Enrico, Mexico Med Student, is this week's host of Grand Rounds. The “iPod” edition! You can read it here (photo credit).
Welcome to Grand Rounds! I am privileged to be your host for this week’s edition of the best posts of the medical blogosphere. As in the previous two times I’ve hosted, I will integrate music into this edition, but unlike before, I will focus on one piece of music: Tod und Verklärung (Death and Transfiguration) by the German composer Richard Strauss. I said when asking for contributions that adherence to a theme was not necessary; moreover no single theme could really encompass the excellent variety the medblogosphere has to offer. Since this musical selection is quite long–over 20 minutes at least–I have decided to present only excerpts so as to tell the basic story as we go along, placing musical interludes in the list of posts. Hopefully I still keep to the spirit of the piece while not detracting too much from the excellent contributions.
Welcome to the November 27, 2008 edition of Change of Shift. Many, many thanks to Kim from Emergiblog for letting me host this edition. Look around and if you like what you see, feel free to come on back!Happy Thanksgiving to all of our US readers. As you're working on your unit or basting the turkey like me, have a look at all the submissions for this edition. You won't be disappointed by our cornucopia of submissions.
Welcome to the second edition of the “MetaCarnival”!
Brainchild of Alvaro Fernandez of Sharp Brains, the MetaCarnival seeks to bring together the best of the blogosphere by sampling the diverse topics collected in the carnival format.Carnival administrators send in two submissions from their respective compilations and these submissions compose the “MetaCarnival” which is posted once a month. Let’s get started!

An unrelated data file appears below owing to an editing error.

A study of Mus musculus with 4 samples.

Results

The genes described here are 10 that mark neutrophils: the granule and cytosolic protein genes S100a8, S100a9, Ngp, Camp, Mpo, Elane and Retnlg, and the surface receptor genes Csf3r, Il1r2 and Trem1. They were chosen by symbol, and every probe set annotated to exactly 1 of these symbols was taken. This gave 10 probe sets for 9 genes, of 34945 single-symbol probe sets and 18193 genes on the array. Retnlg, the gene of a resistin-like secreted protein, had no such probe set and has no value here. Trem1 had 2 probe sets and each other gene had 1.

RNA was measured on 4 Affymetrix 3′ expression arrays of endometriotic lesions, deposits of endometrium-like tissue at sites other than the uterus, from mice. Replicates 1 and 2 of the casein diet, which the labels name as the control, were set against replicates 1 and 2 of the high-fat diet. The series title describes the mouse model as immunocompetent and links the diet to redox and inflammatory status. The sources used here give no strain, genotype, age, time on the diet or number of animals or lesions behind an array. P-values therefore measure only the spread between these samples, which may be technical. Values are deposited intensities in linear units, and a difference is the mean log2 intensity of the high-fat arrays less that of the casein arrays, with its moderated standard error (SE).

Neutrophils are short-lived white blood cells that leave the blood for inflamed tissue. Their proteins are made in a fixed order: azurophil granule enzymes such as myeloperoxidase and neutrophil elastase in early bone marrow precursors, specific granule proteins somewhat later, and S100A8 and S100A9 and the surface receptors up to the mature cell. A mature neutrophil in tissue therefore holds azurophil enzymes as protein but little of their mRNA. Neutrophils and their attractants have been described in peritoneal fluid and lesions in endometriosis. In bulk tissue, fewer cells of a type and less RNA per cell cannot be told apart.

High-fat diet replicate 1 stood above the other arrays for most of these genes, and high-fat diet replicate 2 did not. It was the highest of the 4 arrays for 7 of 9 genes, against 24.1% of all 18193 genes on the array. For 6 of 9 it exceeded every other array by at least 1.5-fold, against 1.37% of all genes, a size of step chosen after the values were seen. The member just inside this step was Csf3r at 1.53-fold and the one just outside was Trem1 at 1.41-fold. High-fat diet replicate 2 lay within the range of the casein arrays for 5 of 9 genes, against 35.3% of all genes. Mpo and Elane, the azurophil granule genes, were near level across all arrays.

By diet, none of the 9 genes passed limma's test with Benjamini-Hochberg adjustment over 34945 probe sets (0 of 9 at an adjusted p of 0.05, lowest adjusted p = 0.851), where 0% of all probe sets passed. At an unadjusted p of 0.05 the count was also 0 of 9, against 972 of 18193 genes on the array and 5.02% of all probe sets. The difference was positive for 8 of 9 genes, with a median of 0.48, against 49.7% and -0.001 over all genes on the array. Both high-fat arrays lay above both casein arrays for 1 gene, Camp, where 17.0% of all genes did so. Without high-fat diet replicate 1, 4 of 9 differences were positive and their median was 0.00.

then check out this post (Inexorable Trend) by Movin’ Meat as he continues the dialogueThis article from the American College of Surgeons' monthly newsmagazine Surgery News pricked my interest. Dr Ernest Block, director of the trauma program at Orlando Regional Medical Center, tries to make a case for the "regionalization" of acute care surgery. In English, this means he wants to justify life-flighting acute appendicitis and hot gallbladders out of surrounding community hospital ER's and depositing them at the doorstep of the glorious Orlando Level I Trauma Center. Dr. Block rationalizes this proposed plundering with an economic argument.
I can't add much to Buckeye's commentary -- it's dead-on. This is a play for dollars and training cases, and completely unjustified from an economic, efficiency, and quality of care perspective. But there's another, tangentially related point here. Buckeye asks whether trauma surgery, as a specialty, is viable. In my humble opinion it is not, at least not on a large scale. As a niche it will persist as long as guns and motor vehicles do. What will happen, I predict, is that "Trauma surgery" ultimately will, in fact, transform itself into (or be replaced by) a new specialty of "Acute Care Surgery," which might be more simply described as "Surgical Hospitalists."
While we’re on the subject of change, check out the Rebranding being done by Jordan (In My Humble Opinion):
That's it. I'm taking a tip from the hospitalist movement. I'm rebranding. I'm no longer a primary care physician. "PCP" now seems to be synonymous with overworked, underpaid "loser" who at least by some people's opinions aren't carrying their weight. That's not me.
So starting today I will be known as a "PREHOSPITALIST". That my ticket. I see patient's before they get to the hospital and try to divert them before they get sick enough to be admitted. I see the sickest of the sick. End stage renal disease, transplant patients, double transplant patients, end stage copd, end stage chf, end stage anything, and frequent fliers.